Having a Ball at HarborFrost

Posted on 01 February 2013

Matt Giuffirida and a frosty ice blue rum punch made specially for HarborFrost and the first Frost Ball, to be held at Muse next Friday, February 8.

Matt Giuffirida and a frosty ice blue rum punch made specially for HarborFrost and the first Frost Ball, to be held at Muse next Friday, February 8.

By Emily J. Weitz

 

When Muse in the Harbor hosted a party in the heart of HarborFrost weekend last year, it was its introduction to Sag Harbor. Chef and owner Matt Giuffrida may have enjoyed several years in Muse’s original Water Mill home, but he always dreamed of opening a restaurant in his favorite East End village – Sag Harbor. A year ago, it finally happened. Perhaps that’s why Giuffrida, now an active member of the Sag Harbor Chamber of Commerce, wanted to be the one to host the inaugural First Frost Ball this year.

The weekend will be filled with wintry festivities, but the party will all kick off around the giant fish tank in the main dining room, with frosty ice blue rum punch cocktails served in goblet-style glasses. Passed hors d’ oeuvres will include tuna lollipops with a wasabi candy on top, vegetable spring rolls, pulled pork in a blanket (Giuffrida’s take on the classic mini hot dog appetizer), and mini sliders. For a restaurant that specializes in creative ways to taste a wider variety from the menu (read: Tuna Ménage a Tois and the Three Little Pigs), passed appetizers are a cinch.

This time of year, the local sourcing that Muse strives for gets a little trickier.

“We got the very last bag of local potatoes from Jimmy Comfort over in Water Mill,” says Giuffrida. “We got produce from him ‘til he ran out. When the bay scallops were in, we were pulling all we could.”

But in the darkest days of winter, only a few local resources remain.

“Our blowfish on the menu is local,” says Giuffrida. “I bought 200 pounds of local blowfish, and we portioned and cryovacc’ed it, so we will have them for the rest of the winter season.”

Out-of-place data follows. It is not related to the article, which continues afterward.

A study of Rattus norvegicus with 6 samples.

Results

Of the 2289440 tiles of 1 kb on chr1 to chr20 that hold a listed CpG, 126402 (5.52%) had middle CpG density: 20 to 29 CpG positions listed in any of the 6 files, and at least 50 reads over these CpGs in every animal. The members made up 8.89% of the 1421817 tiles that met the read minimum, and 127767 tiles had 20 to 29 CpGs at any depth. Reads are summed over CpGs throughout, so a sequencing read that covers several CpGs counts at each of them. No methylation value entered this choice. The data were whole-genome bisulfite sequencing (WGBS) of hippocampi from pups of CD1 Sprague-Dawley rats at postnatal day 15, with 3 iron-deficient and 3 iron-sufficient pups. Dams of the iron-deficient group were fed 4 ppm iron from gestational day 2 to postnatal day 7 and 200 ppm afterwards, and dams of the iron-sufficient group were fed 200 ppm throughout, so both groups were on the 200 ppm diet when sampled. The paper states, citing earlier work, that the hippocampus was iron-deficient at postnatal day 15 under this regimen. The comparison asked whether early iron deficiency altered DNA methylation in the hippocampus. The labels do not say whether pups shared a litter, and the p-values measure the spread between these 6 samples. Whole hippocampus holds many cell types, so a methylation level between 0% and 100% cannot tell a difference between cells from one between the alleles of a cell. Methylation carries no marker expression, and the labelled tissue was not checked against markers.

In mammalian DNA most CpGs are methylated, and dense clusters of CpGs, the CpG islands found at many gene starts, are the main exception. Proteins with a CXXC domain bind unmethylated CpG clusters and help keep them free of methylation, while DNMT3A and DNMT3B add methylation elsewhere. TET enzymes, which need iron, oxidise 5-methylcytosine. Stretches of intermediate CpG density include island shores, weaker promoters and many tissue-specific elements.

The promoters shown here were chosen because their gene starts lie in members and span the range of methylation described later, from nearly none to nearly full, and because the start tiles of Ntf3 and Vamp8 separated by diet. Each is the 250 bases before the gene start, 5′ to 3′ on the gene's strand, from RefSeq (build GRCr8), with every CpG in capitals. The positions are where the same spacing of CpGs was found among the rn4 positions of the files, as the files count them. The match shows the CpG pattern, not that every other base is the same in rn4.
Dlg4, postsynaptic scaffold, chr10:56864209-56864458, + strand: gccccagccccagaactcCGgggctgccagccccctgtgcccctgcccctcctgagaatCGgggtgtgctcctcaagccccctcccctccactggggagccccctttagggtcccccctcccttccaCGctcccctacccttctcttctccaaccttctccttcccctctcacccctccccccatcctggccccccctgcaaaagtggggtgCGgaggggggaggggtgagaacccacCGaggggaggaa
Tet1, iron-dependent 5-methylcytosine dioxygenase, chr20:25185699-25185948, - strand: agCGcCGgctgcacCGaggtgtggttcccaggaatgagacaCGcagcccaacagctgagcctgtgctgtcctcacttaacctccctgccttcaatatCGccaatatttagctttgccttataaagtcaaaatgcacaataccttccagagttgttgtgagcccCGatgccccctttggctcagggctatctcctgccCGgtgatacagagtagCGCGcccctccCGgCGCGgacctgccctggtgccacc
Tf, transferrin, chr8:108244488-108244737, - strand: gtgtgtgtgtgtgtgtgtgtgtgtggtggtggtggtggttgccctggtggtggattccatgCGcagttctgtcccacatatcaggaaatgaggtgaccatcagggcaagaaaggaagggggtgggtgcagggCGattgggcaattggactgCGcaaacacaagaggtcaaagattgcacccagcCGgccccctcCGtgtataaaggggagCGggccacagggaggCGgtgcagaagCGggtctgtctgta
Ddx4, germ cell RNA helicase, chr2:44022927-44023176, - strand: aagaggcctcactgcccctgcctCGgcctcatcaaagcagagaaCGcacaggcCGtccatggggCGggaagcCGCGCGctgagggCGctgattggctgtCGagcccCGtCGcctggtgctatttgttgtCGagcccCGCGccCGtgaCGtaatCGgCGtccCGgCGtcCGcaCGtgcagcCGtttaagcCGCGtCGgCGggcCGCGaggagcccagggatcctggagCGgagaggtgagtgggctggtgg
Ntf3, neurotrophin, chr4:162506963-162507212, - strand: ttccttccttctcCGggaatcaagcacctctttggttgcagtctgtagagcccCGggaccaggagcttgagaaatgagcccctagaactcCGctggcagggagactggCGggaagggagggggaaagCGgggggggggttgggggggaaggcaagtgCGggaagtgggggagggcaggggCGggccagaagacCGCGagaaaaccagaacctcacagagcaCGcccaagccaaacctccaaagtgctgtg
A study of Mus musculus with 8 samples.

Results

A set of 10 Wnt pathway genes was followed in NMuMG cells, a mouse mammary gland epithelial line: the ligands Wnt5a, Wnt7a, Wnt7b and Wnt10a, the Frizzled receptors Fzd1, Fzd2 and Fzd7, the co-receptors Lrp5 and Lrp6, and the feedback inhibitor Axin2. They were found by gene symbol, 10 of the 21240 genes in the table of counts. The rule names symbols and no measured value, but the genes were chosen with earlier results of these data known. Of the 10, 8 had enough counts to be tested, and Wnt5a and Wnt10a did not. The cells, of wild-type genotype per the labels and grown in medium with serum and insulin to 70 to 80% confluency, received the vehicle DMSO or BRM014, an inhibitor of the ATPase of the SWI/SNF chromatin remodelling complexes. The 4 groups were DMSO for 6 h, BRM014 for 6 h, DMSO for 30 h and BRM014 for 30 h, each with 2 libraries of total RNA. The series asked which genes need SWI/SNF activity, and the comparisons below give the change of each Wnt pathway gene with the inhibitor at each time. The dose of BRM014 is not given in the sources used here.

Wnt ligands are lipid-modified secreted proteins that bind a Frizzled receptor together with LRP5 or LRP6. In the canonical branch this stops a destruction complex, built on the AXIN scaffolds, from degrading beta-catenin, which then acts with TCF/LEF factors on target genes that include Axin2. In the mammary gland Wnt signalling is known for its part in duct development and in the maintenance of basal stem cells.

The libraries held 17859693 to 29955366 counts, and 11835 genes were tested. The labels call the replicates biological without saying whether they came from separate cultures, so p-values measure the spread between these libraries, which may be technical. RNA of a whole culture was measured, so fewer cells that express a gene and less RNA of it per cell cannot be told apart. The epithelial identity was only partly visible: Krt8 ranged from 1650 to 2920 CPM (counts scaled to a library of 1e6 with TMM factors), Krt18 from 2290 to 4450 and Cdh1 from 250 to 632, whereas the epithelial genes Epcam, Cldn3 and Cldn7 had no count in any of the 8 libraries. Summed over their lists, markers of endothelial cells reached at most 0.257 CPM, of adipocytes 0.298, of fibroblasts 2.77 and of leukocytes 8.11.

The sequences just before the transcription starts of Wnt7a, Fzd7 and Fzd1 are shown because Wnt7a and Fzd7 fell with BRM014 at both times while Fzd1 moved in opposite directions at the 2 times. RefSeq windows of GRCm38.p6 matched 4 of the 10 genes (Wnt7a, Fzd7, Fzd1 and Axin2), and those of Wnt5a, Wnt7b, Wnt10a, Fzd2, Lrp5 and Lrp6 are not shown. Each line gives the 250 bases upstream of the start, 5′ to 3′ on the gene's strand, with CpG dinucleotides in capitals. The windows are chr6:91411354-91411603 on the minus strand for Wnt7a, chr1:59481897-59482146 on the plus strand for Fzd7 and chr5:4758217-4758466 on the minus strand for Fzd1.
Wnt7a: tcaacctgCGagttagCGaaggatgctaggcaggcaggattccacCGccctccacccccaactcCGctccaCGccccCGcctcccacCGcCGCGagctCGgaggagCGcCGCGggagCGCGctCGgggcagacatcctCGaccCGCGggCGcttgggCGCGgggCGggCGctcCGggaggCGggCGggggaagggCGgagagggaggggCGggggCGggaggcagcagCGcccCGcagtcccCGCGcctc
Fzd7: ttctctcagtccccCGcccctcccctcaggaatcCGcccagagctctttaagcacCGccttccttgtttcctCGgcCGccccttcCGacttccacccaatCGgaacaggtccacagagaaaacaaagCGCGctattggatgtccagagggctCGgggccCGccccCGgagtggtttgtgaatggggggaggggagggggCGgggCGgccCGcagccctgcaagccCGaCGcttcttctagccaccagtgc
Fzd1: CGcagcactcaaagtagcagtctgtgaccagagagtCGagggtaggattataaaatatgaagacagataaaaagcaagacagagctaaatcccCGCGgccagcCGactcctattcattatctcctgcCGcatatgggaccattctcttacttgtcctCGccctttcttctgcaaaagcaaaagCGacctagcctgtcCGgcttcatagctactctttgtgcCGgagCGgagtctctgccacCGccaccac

But primarily, the focus of the restaurant shifts to what people really need in the depths of an East End winter — food that is a little familiar.

“People gravitate towards comfort food in the winter,” says Giuffrida. “You want to walk in to a nice, cozy restaurant and have something that’s gonna warm you up. Our two best sellers right now are the turkey meat loaf, which has craisins and roasted carrots in it, and the braised short ribs.”

They haven’t completed the menu for the Harborfrost Ball and the weekend to follow, but Muse will be open for brunch, lunch, and dinner and will have specials in honor of the festivities.

“HarborFrost was our first day last year,” says Giuffrida, a little bit wistfully. “We didn’t know what to expect, and that kind of set the tone. People were really excited to have us here even though the history of this building was hit or miss. We were received with open arms and it was a good feeling. I guess this is our anniversary.”

The First Frost Ball will kick off Friday evening at 6 p.m. with revelers expected to celebrate until about 10 p.m. Included in the cost of the ticket are an open bar with “local legend Jimmy Mac” serving specialty cocktails, as well as unlimited passed hors d’oeuvres, door prizes, a raffle, and live music.

Tickets are $65 for members of the Sag Harbor Chamber of Commerce and $75 for non-members. They can be ordered by visiting http://frostball2013-es2003.eventbrite.com.

The event will support the Sag Harbor Chamber of Commerce, which joins The Sag Harbor Express in hosting this year’s HarborFrost celebration. The Sag Harbor Chamber of Commerce also hosts mixers, dinners, and, of course, the annual Sag HarborFest weekend in September.

HarborFrost is a celebration of Sag Harbor in the bleakest month of February, and Giuffrida wanted to be a part of it.

“We’re staying busy throughout the winter because of the locals,” he says. “Sag Harbor is a tight knit community. What happens in Sag Harbor stays in Sag Harbor. Everybody supports the local businesses and it’s important for us to do the same. On my day off we eat at Il Cappuccino and Sen. Everybody stays open because of it. That local support is a big part of our success.”